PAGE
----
In the 1980s, when the art world was struggling to distill the pain and loss of the AIDS epidemic, Ann Philbin, a young curator with an avant-garde eye and an activist’s edge, walked into a New York gallery and came upon a simple and searing work: A white, scoured sink by sculptor Robert Gober.
“It took my breath away,” said Philbin, who watched many friends die of a disease that swept through the East Village and inspired gay artists like Gober to respond. “I thought, ‘Oh, my God, I have no idea what it means, but for me that sink had all the beauty and pathos of what we were living through in that moment, and what we were living through was horrifying.’”
That reckoning spoke not only to Philbin’s aesthetic but to a provocative instinct that art should define its era, challenge its politics and resonate with a truth that can startle and illuminate. Her 19 years as director of the UCLA Hammer Museum have personified that credo, turning the institution into one of nation’s most enticing and risk-taking ventures, exhibiting not only contemporary and conceptual art, but holding hundreds of programs a year on topics including racism, civil disobedience, feminism, clean energy and talking sex with Dita Von Teese.
“When I came here,” said Philbin, who left the Drawing Center in New York to move to the Hammer, “L.A. was considered not at all an interesting city for art. But in these two decades, it has become the red hot center, arguably in the world. Artists are moving here from Berlin, South America, a lot from Europe. The environment here is not about making money, it’s about making art.”
Trim and mercurial, Philbin, who once clashed with billionaire Eli Broad over funding and turned away potential board members who didn’t share her progressive inclinations, runs on self-assurance and charm. She looks right at you, as if perhaps you’re a painting or video installation to be politely scrutinized, and then, if all goes well, conspired with. She is at ease in the penthouses of donors and the cluttered studio apartments of unknown artists, looking for that revelatory find that will celebrate Los Angeles’ ascension.
The Hammer’s current ‘Made in L.A. 2018’ biennial exhibition features 33 artists from ethnicities that reflect the city’s diversity. It is a signature show that, like many at the institution, highlights new and under-recognized local artists. Throughout her career, Philbin, who started out as a painter, has focused on artists ahead of boards of directors, donors, collectors, the public and other complicated whims and egos that are at once a distraction and necessity for an institution to thrive.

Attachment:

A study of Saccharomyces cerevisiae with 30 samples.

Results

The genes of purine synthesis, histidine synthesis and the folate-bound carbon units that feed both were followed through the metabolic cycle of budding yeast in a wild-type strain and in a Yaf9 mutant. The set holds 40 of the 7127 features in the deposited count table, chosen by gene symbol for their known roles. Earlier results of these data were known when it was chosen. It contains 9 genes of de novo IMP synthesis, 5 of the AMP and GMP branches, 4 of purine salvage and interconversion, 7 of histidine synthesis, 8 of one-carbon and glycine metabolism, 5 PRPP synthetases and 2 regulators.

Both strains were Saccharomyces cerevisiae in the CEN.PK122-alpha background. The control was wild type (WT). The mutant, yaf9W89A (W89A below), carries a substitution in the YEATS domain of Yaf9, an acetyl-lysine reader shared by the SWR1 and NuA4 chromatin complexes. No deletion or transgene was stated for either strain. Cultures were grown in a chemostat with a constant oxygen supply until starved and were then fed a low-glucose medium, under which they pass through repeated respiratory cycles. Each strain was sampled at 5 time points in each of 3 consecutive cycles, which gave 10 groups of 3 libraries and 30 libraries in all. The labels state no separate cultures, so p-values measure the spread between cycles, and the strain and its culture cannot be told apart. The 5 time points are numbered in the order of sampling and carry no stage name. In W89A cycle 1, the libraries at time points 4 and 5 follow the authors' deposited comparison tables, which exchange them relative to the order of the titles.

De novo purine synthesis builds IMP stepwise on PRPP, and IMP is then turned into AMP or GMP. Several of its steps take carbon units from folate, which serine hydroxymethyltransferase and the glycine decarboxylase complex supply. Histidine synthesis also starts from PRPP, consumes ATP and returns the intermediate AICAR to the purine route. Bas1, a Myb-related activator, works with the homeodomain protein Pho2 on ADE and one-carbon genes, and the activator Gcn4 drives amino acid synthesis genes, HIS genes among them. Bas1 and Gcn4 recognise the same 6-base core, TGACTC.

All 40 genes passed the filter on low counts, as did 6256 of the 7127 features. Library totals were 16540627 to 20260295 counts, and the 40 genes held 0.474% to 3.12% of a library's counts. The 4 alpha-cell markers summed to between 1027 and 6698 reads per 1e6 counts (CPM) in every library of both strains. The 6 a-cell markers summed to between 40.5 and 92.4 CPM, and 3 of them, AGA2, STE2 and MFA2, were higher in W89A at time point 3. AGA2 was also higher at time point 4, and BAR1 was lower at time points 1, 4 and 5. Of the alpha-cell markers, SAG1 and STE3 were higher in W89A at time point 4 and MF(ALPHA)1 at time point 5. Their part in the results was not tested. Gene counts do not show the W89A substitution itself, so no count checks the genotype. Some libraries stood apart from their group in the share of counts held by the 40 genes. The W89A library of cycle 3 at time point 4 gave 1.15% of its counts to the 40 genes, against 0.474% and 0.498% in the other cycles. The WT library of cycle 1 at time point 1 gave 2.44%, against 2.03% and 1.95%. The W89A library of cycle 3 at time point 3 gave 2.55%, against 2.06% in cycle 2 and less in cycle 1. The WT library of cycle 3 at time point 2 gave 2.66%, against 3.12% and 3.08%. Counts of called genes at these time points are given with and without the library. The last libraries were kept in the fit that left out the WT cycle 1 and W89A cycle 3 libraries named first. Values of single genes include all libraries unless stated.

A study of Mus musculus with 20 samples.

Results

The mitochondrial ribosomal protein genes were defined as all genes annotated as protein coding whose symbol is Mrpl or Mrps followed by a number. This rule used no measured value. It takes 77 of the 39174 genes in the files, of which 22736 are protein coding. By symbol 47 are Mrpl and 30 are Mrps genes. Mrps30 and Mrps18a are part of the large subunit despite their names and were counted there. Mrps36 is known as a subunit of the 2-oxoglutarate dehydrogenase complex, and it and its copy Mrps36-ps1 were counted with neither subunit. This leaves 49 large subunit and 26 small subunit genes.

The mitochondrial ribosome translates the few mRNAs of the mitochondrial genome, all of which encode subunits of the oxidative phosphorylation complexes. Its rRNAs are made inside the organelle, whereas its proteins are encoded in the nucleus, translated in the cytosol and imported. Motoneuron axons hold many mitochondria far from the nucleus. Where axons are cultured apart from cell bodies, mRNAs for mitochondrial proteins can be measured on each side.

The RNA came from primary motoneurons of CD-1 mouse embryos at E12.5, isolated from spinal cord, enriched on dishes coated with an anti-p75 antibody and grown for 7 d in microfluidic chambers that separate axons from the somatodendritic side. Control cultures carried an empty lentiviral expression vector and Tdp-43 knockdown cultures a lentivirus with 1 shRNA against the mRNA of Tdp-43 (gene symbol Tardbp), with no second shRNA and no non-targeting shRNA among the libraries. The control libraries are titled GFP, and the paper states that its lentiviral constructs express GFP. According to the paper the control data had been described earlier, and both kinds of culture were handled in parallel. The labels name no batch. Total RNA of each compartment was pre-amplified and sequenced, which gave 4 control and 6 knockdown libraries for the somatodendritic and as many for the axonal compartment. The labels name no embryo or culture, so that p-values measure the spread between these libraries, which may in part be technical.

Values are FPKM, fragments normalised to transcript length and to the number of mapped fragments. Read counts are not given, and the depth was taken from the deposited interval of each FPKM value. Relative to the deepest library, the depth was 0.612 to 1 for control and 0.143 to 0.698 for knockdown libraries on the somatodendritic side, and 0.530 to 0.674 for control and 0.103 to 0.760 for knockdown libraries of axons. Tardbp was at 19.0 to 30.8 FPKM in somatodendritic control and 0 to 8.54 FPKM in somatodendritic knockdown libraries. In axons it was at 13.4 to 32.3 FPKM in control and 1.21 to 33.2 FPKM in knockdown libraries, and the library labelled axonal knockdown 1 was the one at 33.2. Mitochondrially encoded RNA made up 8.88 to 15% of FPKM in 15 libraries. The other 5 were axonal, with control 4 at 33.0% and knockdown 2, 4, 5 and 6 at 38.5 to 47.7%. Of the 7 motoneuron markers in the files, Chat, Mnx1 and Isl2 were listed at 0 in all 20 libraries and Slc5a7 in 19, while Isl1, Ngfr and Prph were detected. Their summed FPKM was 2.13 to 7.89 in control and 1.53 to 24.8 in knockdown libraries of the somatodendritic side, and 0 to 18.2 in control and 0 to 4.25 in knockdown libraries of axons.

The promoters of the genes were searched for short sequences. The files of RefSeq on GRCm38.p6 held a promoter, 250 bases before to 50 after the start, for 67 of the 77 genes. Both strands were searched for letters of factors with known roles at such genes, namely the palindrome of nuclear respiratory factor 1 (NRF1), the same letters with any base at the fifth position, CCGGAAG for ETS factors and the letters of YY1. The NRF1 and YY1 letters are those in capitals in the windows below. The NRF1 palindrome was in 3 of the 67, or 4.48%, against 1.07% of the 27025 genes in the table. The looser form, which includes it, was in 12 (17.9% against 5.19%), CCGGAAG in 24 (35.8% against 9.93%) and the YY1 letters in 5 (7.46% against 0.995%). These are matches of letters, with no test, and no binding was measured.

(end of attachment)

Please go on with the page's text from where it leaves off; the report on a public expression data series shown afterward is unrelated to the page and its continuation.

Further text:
“I started with artists and it took a long time for people to notice anything was happening here,” said Philbin, whose operating budget has jumped from $5 million to $25 million since 1999. “But it gave us credibility with the artists. Only in the last six years has the general public finally noticed. We’re still building our audience. Sometimes I say more people in Berlin know who we are than in Westwood.”
Andrea Bowers, whose work is often politically charged, praised the Hammer last year for hanging her 50-foot mural depicting banks, including one of the museum’s donors (Wells Fargo), that were funding the controversial Dakota Access Pipeline, which runs through the Standing Rock Native American reservation. “Annie has amazing courage to do projects that other institutions might not do,” said Bowers. “The reason LA has evolved into one of the major art cities in the world has a lot to do with her tenure.”
But Philbin fears that the city’s allure for artists — many of whom studied at local schools — is now threatened by rising rents and creeping gentrification, factors that in other cities, notably New York and San Francisco, pushed artists away. The pressure is likely to intensify as Southern California becomes attractive to the tech industry, a shift that could recast the region’s character and culture.
“Real estate prices are something that’s now talked about all the time. You can feel it changing. It’s a big concern for artists,” said Philbin. She added that in San Francisco, the tech industry was estranged from the local art scene. “They were in their own little bubble,” she said of tech companies. “You can’t old hold it (development) back. You can’t stop it. But you can do it differently. I hope they understand what it means to be a citizen. If so, we have the potential to alter this landscape in the most exciting way.”